The Unseen IAQ Mennace
We’ve talked about all manner of Air Quality issues: pollen, viruses, volatile organic compounds, and more. There is however, one less frequently talked about devil in the air: radon, methane, and other ground seepage. These are harmful, either explosive, cancer-causing, or otherwise dangerous materials that can seep from the soil below. You’ll never know they’re there until it’s too late.
How Does It Happen?
Time for some science. The ground beneath you is not pure, solid dirt and rock straight to the Earth’s core. It’s not all one particular elemental composition either. There’s pockets of different materials, gasses, radioactive elements, and so on. These materials either work their way to the surface or they emit something that does.
Consider for example, a gas like methane. This exists underground, in porous areas of rock or in large, hollow caves. It’s under extreme pressure from the rest of the Earth pressing down on it. All it takes is a path to the surface for it to flow out. When we do mining for it, we drill down and use a pipe to provide that path to the surface. The Methane is a low-density gas, it wants to move higher up, in the same way helium can make balloons float.
There is some amount of natural seepage. The gas makes it way up through the ground and rock, tiny pores and cracks that let it slowly escape. The ground beneath you is not water-tight. If you have well water, water from rain drips down into an underground cavern, and that’s the water you’re drinking.
The issue arises with the confined nature of houses and basements. The gas in most of the world seeps up, hits the outdoors, and disburses pretty harmlessly. It never gets a chance to reach a lethal or deadly concentration. Buildings, basements, and all things man-made though, are small structures that trap the gasses inside. We don’t let it escape quickly or safely. That would require a significant rate of air replacement inside the building.
What’s The Harm?
There are a couple of scenarios for what can go wrong. And things do go horribly wrong.
- Methane Gas
Methane is a combustible gas. In the right mixture of methane to air, it’ll burn, possibly explode. This issue is bigger with mining operations, but can be just as much a threat to regular industry and businesses. When the gas gets at the right concentration, and anything ignites it, cigarettes, lighters, a grill, it catches, explodes, and the pressure may crush the building or the flames burn it to the ground.
- Radon Gas
Radon on the other hand, is the more common threat. When uranium and other nuclear elements decay, Radon is one of their biproducts. This is a radioactive gas, it will decay in the air, emitting low levels of radiation like Alpha and Beta particles. That there is the problem: nuclear material in the air. You’ll inhale the radon or it’s particles or child elements, those then damage the cells of your lungs, creating cancer.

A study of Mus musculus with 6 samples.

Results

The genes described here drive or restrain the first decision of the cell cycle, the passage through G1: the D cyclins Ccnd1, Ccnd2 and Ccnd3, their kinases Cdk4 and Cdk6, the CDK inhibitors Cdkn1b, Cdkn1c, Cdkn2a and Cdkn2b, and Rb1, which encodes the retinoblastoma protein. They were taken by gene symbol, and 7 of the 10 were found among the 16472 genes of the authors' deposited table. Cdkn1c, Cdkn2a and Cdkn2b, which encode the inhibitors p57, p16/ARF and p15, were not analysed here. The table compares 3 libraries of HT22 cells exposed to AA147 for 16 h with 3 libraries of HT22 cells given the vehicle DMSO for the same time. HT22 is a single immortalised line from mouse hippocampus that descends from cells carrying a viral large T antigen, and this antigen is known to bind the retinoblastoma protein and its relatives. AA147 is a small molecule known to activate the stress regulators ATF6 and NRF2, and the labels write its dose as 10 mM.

The risks to your business vary. On the one hand, methane or another flammable gas could reach exactly the right concentration and leave you on the hook for the injuries and deaths of employees and guests, plus having to replace your facility. Insurance may cover some of it, but there may be criminal charges. Radon on other hand, is a slow killer. Your guests would probably be alright. Your employees however, could receive sufficient exposure to develop cancer. There’s fewer more painful ways to die, and if it were connected to you, the employees medical bills and damages for pain and suffering could come into the picture, as well as having to do health screenings for all employees. After that, the facility needs to be decontaminated and preventatives put in place.
An Ounce of Prevention
The issue of Radon, Methane, and other gasses is very easily headed off before anything ever happens: have your facility tested for airborne gasses, install gas detectors, and if necessary, install the proper preventative systems, whether they’re ventillation or chemical scrubbers that remove the contaminants from the air.
These measures will vary in cost depending on the size of the facility and the exact nature of the issue. In an ideal set up, you would have active and passive detectors hooked to your fire safety system. This is essential for methane and fire prevention. It can trigger the system to take pre-planned measures, like increase ventilation or evacuate the building. Passive meanwhile may require replacement over time, BUT they serve as a quick, visual check for safety. If an employee sees that a radon detecting patch has triggered, they know to leave the area and get help.
Your first step here would be to contact an air quality specialist who can conduct on site and lab tests. From there, you’ll need your HVAC Contractor and perhaps a specialist to plan what equipment is necessary, install it, and advise you on what actions are necessary towards your guests and employees. It may be necessary to decontaminate the facility and conduct health screenings.